Masculinity Across Sports

By Nathaniel Reed
26 Dec 2016

When conjuring up the perfect image of masculinity in your mind, most people imagine the typical high school jock. He plays football, basketball, ice hockey, or a similar hypermasculine activity. Rarely does a runner, swimmer, or this sort of “second tier” of masculinity in sports arise. By assigning masculinized predispositions to certain sports, could the conversation surrounding masculinity become skewed from a young age? If so, this would certainly create a problematic discourse around certain sports and limit a conversation for LGBTQ+ communities to have a voice within this realm.

From a young age, the discourse and perceptions surrounding sports is polarized to suppose that participation in sports like football and basketball would equate to elevated levels of masculinity. Those in the out-group, i.e. any sport seen as being below the first tier of masculinity, is ostracized and pushed to believe that their participation in these sports demeans their masculinity. Media interpretations across sports reveals that certain trends create what is called the Televised Sports Manhood Formula. This theory rests on the idea that sports, media, and the commercialization of certain sports is used to discipline boys’ minds and bodies to believe that true masculinity is what is perceived through these mediums.

These superficial views of what is considered masculine in sports for young boys becomes problematic in a few ways. One, by limiting and skewing a first-level view of masculinity to a few sports, participation in other sports is reduced significantly. Young boys realize the ramifications they may receive from their fellow peers and they discontinue, or decide to not pursue, interests in other sports. Secondly, research has shown that male athletes that appear to be less aggressive than their counterparts are susceptible to being labeled a “pansy” or “queer” for their perceived lack of fortitude by their coaches and teammates. The traditional outlook of masculinity is to be “inherently aggressive yet cool under pressure, leads others by example, and…strictly heterosexual” (Denham 2010). This outlook has the potential to deny an area for an LGBTQ+ man to outwardly express himself. The aggregate result, if traced through adulthood, of viewing masculinity as this primal state includes the possibility of a “gender role strain.” The consequences of this include focusing on outward appearance and performance, which can lead to tension between the actual self and a polarized, gendered identity. If taken to an extreme, this diversion between identities can lead to heightened levels of depression and self-destructive behavior, as documented by Professor Rocco L. Capraro.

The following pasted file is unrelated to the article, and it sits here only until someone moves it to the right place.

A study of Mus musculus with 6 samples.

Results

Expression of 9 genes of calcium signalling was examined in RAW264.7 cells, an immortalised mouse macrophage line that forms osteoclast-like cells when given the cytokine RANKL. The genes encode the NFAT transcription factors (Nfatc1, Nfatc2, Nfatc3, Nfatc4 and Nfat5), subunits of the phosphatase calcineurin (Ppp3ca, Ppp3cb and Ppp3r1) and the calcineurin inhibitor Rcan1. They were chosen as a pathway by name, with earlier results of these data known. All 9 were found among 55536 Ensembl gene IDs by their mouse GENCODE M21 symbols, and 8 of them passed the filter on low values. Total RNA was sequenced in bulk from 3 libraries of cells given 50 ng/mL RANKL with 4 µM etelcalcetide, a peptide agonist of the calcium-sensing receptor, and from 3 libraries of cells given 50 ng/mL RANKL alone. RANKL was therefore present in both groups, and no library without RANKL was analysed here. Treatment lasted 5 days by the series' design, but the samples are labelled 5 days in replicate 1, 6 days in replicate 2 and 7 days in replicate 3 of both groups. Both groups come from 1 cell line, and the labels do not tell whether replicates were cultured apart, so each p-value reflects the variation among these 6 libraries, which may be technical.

In addition, a hypermasculine discourse begins to surround certain sports. This creates the perception that these higher-tiered sports are synonymous with being anti-LGBTQ+ and misogynistic. This observation allows individuals, such as President-elect Donald Trump, to use the perceived culture to dismiss comments they have made. After making lewd comments concerning women, Trump rejected public outcry over his inherently misogynistic tone by demoralizing it to what he called “locker-room talk .” Comments such as these further the perception of hypermasculinity in sports in general, but highlights the excess that sports, such as football and basketball, may carry into adulthood.

This article is not aimed at disregarding the effects on women or across minority groups when considering the outcomes of a hyper-masculine culture surrounding sports. There are many areas in which we can discuss the inherent problems across those dimensions. One includes equating the success of women athletes, such as Katinka Hosszu, to their male coaches, which was in this case her husband. Hosszu’s achievements during the Rio 2016 Olympics were demeaned to be attributed to her husband’s coaching and not her own, personal work ethic. The purpose of this article is to think about the moral dimensions surrounding male athletes across sports and the perceived views of masculinity assigned to these athletes.

When evaluating our predispositions towards sports, and more specifically male athletes, considerations must be made in assessing individuals’ masculinity off of their participation in certain sports and in demeaning individuals by attacking their gender identity. By effeminating some sports over others, the nature of athletics and extracurriculars changes drastically. This could create a problematic discourse surrounding gender identity and close mindedness when considering individual sexualities. By assessing our current perceptions of what it means to be masculine, we will have a better understanding of our rhetoric in connecting physical activities to gender identity.

Nathaniel Reed graduated from DePauw University in 2018 where he double-majored in Middle Eastern Studies & Political Science. He enjoys running, hiking, reading, and drinking coffee.